Next: the Shakespeare and Plasma Physics Building? Governors State University in south-suburban University Park is seeking bids to build its “Regional Center for Technology and the Performing Arts.”

“There is a class of problems–and cities are one such problem–that are so complex they can only be solved through stupidity,” muses the politically incorrect Ed Zotti in Chicago Enterprise (September/October). Zotti heard Daniel Burnham’s 1909 Plan of Chicago criticized (accurately) for ignoring race and poverty. “That said, the hard-hearted realist in us obliges us to ask: so what? I asked the UIC professor [who had made the criticism] whether he believed it would have made any practical difference if the Burnham plan had confronted the problems of race and poverty squarely. He did not have anything very definite to say. Neither do I; I can only say that it doesn’t seem very likely.”

Rescue 911–not. A recent University of Chicago Medical Center study of local out-of-hospital cardiac arrests in 1987 and 1988 shows a “low rate of survival for all groups. More than 97 percent of whites and 99 percent of blacks died following cardiac arrest.”

Richard Epstein’s free lunch. Advance publicity for U. of C. economist Richard Epstein’s new book Bargaining With the State: “[The author] turns to the fair distribution of the gains from desirable government programs and the implicit peril to individual liberty and social welfare when government attaches strings to persons receiving its benefits,” such as artists or Planned Parenthood. “[He concludes that] people bargaining with the state need not always take the bitter with the sweet; they may sometimes keep the government benefit while cutting the government string.”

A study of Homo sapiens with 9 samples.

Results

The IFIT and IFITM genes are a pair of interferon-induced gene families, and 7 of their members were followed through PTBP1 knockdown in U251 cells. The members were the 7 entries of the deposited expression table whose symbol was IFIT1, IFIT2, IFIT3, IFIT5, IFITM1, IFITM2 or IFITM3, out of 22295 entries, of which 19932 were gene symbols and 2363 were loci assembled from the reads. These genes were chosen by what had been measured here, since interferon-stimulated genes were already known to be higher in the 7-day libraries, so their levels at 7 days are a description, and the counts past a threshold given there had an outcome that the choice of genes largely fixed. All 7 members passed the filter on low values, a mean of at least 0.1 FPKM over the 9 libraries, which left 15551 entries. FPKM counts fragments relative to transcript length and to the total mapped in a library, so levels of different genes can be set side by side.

“We don’t want to just grab and stab,” says Joy Getzenberg of the city Department of Health in the Joyce Foundation publication Work in Progress (August). “We want to set up a model for the whole process of contacting parents, for finding out why some mothers have their children immunized and others don’t, for making sure that every child is covered. Right now we’ve found that a lot of kids are getting overimmunized because the record keeping is poor.”

At least da Godfather would open the schools on time. Samuel K. Gove in Illinois Issues (August/September): “From what college students say about jobs and careers, one might think they would prefer a job in organized crime over one with state government.”

No rhetoric necessary. From the four-year-old Illinois Women’s Funding Federation: “With less than two percent of Chicago-area foundation and corporate money supporting programs for women, and nearly 76 percent of those living below the poverty level consisting of women and girls, the need for alternative funding was critical.”

Everyone should be scared of losing their jobs, but nobody should ever actually lose one. A study published in Hospital and Community Psychiatry (September) found that people who lost their jobs were six times more likely to commit an act of violence than those who were still employed–and that “violence was found to be less prevalent in people who were employed in a tightened job market where job opportunities were scarce.”

“Instead of lessening, the scars of 50 years ago seem to be thickening, seem to cause us to act in ways that are destructive to ourselves and each other,” writes a worried Joseph Aaron in the Jewish United Fund’s JUF News (September). “There is…too much hate between Jews about what we don’t agree on. We’re picking each other apart believing that if you support land for peace and I don’t that you’re a traitor to Israel and that if you practice your Judaism differently than I do that you’re my enemy….It’s time, I think, for us to get out from under the shadow of Auschwitz, heal the scars that have so embittered us, made us so willing to attack, so unwilling to listen….Not everyone hates us. We don’t have to hate others to feel Jewish. We are not victims. We can disagree on issues without disagreeing as Jews. The Jewish way of life is one of simcha, not burdens and fights.”

Art accompanying story in printed newspaper (not available in this archive): illustration/Carl Kock.